The NHS is a miracle. Not because it’s perfect, but because it works as well as it does within some incredible constraints.
It’s not just the financial pressures and staffing shortages — serious though these are — it’s also the tools and technologies that support health professionals. Smartphones have changed the way we shop, bank and play, and yet critical patient data is still stored and communicated via reams of paper, pager systems from the eighties, and fax machines.
The impact is real. One in ten patients suffer harm during their treatment, half of which are preventable, and the research shows that information failures account for a substantial proportion due to miscommunication and delayed diagnoses.
The amazing thing is that answers are all right here in front of us, and are being suggested every day by patients and clinicians who know exactly what tools and technology they need. It’s building these tools that’s the hard part — and that’s where we hope to make a difference.
In July 2015, a number of the NHS’s leading kidney specialists approached DeepMind about Acute Kidney Injury (AKI), which ranges from minor loss of kidney function all the way through to dialysis, transplant, and even death. They also told us that more than a quarter of the 40,000 AKI deaths per year are entirely preventable, if only there were a better way to detect it in its early stages — and that this had now become a national NHS priority. As a British technology company founded by people who have relied on the NHS all our lives, we saw this as a huge opportunity to make a difference.
So, over the past few months, we’ve worked with doctors and nurses at the Royal Free London on a prototype mobile phone app designed to get critical information about AKI patients direct to nurses and doctors faster. The app is still in the early prototyping stage, but we’re hopeful that it could one day help save the lives of patients across the NHS. This is a relatively straightforward tool that, to be honest, should have been built long ago — but we believe it’s a first step towards more advanced techniques that could make an even bigger difference to the NHS.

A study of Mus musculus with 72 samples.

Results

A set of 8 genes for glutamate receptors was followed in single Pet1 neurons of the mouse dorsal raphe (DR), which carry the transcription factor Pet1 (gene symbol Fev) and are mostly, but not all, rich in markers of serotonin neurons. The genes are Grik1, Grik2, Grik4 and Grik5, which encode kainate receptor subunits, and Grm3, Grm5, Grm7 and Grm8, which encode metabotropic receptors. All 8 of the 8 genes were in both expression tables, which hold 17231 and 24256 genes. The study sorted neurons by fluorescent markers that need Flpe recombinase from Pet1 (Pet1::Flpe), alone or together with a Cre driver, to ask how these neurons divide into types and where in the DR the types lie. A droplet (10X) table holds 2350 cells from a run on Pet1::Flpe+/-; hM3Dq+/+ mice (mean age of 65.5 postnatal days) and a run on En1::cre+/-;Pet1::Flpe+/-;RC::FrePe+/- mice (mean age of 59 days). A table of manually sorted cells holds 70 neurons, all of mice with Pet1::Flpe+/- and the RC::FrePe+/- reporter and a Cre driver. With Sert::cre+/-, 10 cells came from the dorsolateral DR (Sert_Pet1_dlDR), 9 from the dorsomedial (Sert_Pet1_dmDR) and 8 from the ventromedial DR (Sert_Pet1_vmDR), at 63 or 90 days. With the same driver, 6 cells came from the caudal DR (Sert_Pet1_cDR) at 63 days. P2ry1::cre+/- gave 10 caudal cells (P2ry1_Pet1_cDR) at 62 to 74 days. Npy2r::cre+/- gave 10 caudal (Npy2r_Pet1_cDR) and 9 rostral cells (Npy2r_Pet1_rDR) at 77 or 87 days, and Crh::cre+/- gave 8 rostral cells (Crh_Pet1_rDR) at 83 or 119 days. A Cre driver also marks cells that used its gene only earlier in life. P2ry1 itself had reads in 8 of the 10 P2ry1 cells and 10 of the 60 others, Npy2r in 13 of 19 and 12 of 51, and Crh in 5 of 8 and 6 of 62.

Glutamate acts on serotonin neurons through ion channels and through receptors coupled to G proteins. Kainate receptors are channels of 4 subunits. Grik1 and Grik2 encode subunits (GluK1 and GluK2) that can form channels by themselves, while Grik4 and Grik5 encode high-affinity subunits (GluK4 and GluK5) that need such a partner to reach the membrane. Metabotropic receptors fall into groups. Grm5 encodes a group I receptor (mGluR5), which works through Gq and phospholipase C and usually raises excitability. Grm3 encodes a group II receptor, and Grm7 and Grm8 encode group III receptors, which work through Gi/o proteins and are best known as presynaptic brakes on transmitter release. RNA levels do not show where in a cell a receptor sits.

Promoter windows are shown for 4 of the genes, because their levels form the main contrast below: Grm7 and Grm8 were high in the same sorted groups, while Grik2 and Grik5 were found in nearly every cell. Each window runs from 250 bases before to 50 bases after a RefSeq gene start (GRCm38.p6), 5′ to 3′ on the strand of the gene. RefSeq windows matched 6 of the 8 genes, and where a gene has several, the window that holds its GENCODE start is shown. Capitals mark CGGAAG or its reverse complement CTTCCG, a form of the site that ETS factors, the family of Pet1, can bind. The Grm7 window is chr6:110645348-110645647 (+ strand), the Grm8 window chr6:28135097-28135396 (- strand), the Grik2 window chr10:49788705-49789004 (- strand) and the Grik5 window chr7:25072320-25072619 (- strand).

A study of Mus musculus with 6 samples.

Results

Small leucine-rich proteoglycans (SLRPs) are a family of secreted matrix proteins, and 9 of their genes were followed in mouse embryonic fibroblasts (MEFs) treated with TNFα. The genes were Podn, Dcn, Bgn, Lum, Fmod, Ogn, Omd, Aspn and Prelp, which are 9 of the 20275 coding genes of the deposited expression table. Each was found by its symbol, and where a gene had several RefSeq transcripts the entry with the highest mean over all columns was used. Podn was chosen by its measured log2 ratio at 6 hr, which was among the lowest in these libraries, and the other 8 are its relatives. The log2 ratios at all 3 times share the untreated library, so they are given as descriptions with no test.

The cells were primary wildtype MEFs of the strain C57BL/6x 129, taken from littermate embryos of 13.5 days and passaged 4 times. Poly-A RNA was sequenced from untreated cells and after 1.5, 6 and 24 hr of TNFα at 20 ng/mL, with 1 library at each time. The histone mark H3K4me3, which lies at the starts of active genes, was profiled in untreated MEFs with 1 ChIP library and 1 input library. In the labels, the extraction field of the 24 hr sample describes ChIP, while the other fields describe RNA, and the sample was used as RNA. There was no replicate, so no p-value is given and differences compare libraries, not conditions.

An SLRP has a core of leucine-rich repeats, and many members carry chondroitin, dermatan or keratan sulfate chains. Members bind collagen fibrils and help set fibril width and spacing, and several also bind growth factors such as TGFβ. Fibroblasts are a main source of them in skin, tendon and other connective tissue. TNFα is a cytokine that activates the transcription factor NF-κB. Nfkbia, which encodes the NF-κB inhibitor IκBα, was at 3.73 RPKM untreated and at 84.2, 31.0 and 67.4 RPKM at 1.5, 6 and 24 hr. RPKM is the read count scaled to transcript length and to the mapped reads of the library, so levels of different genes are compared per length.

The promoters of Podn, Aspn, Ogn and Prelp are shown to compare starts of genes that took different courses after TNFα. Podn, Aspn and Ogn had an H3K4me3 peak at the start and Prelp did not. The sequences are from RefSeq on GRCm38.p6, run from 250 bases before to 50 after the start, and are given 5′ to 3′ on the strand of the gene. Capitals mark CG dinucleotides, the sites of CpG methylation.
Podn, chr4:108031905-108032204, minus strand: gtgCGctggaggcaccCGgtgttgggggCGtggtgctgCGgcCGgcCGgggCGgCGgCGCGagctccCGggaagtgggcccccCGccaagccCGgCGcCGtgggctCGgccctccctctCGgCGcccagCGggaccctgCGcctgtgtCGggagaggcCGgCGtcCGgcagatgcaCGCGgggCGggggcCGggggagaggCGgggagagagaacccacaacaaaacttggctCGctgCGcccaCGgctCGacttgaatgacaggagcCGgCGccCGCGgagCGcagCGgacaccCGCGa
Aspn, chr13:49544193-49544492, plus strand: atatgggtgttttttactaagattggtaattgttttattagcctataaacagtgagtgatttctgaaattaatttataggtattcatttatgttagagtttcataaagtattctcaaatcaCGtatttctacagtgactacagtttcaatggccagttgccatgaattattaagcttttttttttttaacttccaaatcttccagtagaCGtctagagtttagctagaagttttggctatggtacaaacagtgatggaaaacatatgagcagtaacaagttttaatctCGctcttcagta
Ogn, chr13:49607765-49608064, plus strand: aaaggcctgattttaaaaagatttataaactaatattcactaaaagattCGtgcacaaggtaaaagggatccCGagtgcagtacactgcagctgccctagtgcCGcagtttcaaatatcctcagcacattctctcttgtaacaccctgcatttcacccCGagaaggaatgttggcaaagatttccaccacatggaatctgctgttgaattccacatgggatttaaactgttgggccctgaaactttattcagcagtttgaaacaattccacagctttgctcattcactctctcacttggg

DeepMind specialises in artificial intelligence, building computer programs that teach themselves to find patterns and correlations in complex data that human brains struggle to find. This kind of research, especially a particular technique known as deep learning, is now ready to be applied in the real world. We’re working with clinicians at the world-renowned Moorfields Eye Hospital in London to investigate how this could help analyse and understand eye scans to make better and earlier diagnoses.
We’re researching conditions like age-related macular degeneration and diabetic retinopathy, which together affect more than 625,000 people in the UK and over 100 million people worldwide — and in which speed matters. If you’re diabetic you are 25 times more likely to suffer some kind of sight loss, but with early detection and treatment 98% of severe visual loss can be prevented.
Whether we’re helping clinicians provide day to day patient care with mobile apps or making breakthroughs in medical research, work in health requires data. Treating this data with respect really matters. There are different authorities that give different types of approvals and oversight for NHS data use: HSCIC, HRA, MHRA, ICO, Caldicott Guardians, and many, many more. We’re committed to working with all these groups, and making sure with their help that we get it right.
In this work, we know that we’re held to the highest level of scrutiny. DeepMind operates autonomously from Google, and we’ve been clear from the outset that at no stage will patient data ever be linked or associated with Google accounts, products or services. We’ve also asked a group of respected public figures to act as Independent Reviewers, to examine our work and publish their findings. We want to earn public trust for this work, and we don’t take that for granted.
Everywhere we look, technology is driving progress — from communication, to games, to food delivery. But the real test of British technology has to be whether it can tackle the biggest challenges facing our society today. In a spirit of partnership with the UK’s clinicians, hospitals and regulators, that’s what we’re going to try to do with DeepMind Health.